Published: 19 January 2023

PhD student Emily Woodcock was recently shortlisted for the Max Perutz Science Writing Award which recognises the ability to clearly communicate scientific research with non-scientific audiences.

Emily says, “Each year, PhD students funded by the Medical Research Council (MRC) can enter the Max Perutz Science Writing Award competition. I first heard about the competition in the first year of my PhD and each year I wanted to enter but never found the time. When I received the reminder email last summer, I thought it would be my last opportunity to enter and that I should give it a go.

“The award excited me as I had never had the opportunity to write for a lay scientific audience about my PhD project. I spend all my time reading scientific papers and writing for a scientific audience, but I wanted to challenge myself to describe my project in a more creative way. The winner of the prize also had their article published in The Observer newspaper which was really appealing.

“My PhD project aims to understand how the stiffness of an individual cancer cell changes in order to help them spread throughout the body. I tried to come up with an analogy using everyday items to explain the concept because when I tell people I work on cell stiffness I usually get “what on earth is that?”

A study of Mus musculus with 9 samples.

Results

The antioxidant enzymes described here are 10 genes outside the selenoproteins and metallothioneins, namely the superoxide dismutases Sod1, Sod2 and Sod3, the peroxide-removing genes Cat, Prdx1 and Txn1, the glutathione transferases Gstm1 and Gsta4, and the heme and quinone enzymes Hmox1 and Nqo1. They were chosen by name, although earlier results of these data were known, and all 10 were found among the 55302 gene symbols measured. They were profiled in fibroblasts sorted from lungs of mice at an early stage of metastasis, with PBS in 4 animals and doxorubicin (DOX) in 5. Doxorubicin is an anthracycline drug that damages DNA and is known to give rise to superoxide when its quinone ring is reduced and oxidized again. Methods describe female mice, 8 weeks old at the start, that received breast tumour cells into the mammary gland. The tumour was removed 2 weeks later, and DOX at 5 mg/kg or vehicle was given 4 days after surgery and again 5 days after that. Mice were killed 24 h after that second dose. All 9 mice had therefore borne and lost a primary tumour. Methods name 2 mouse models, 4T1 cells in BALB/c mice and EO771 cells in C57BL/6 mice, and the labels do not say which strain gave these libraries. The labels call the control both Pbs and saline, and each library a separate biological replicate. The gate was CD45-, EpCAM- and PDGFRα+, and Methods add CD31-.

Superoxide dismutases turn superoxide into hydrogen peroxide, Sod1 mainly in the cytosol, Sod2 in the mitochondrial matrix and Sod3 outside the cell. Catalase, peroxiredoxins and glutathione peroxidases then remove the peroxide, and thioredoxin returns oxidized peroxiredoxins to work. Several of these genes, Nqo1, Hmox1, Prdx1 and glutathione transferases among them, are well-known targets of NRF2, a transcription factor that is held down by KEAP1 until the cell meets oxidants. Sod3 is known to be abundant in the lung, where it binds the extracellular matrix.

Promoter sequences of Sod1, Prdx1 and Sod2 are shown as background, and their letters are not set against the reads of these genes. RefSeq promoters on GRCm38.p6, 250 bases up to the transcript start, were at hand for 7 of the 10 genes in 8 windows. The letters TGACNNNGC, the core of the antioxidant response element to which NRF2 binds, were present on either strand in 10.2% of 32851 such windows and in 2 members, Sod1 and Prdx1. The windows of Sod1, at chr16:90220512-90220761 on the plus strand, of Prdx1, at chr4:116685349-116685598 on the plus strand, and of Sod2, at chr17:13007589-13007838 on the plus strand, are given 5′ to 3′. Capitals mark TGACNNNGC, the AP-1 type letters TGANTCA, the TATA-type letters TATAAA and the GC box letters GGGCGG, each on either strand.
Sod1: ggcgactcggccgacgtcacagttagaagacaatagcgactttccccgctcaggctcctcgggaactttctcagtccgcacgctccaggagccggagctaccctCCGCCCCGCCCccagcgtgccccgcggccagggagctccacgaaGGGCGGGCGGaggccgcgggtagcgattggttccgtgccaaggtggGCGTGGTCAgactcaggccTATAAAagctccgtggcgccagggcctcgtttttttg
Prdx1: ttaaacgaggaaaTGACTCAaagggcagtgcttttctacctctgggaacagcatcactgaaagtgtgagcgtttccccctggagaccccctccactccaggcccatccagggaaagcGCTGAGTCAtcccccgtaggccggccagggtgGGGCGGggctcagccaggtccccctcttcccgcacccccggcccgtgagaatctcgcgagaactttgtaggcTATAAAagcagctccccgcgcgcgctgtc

“In the article, I explain how a hard golf ball and a soft stress ball both have a different stiffness, and it is this softness or hardness which helps it to do its job. If you then tried to push the hard golf ball or soft stress ball through a tube, you would expect only the stress ball to emerge at the other end. I used this analogy to explain that the cells in our body can also be soft or hard, and that cancer cells may change their stiffness to squeeze through a blood vessel (tube) and spread in the body.”

Emily then went onto explain where her enthusiasm for her PhD topic originated.

“I really enjoyed my cancer research modules in my undergraduate degree so I knew I wanted to pursue a PhD in cancer biology. When I found my current project, I found the idea of using novel microscopy techniques to look at individual cancer cells fascinating. I thought the whole project was really exciting and very unique.”

Emily’s submission for the Max Perutz Science Writing Award this year, titled 'Cancer: it's a hard cell', was shortlisted as one of the ten best submissions received by the MRC this year.

“I was quite shocked when I received the email to say I had been shortlisted. The MRC received over 150 entries this year, so I was not expecting to make it to the top ten, especially as this was my first time entering.

“As my article was shortlisted, I was able to attend a writing masterclass with Claire Ainsworth, freelance science journalist. I also attended the award ceremony at the Royal College of Physicians where Professor Robin Perutz, son of the late Dr Max Perutz, announced the winner. It felt wonderful to attend the awards evening and to be surrounded by such amazing scientific and writing talent. If you are eligible, I would urge you to enter the writing award, you may surprise yourself with what you can achieve.”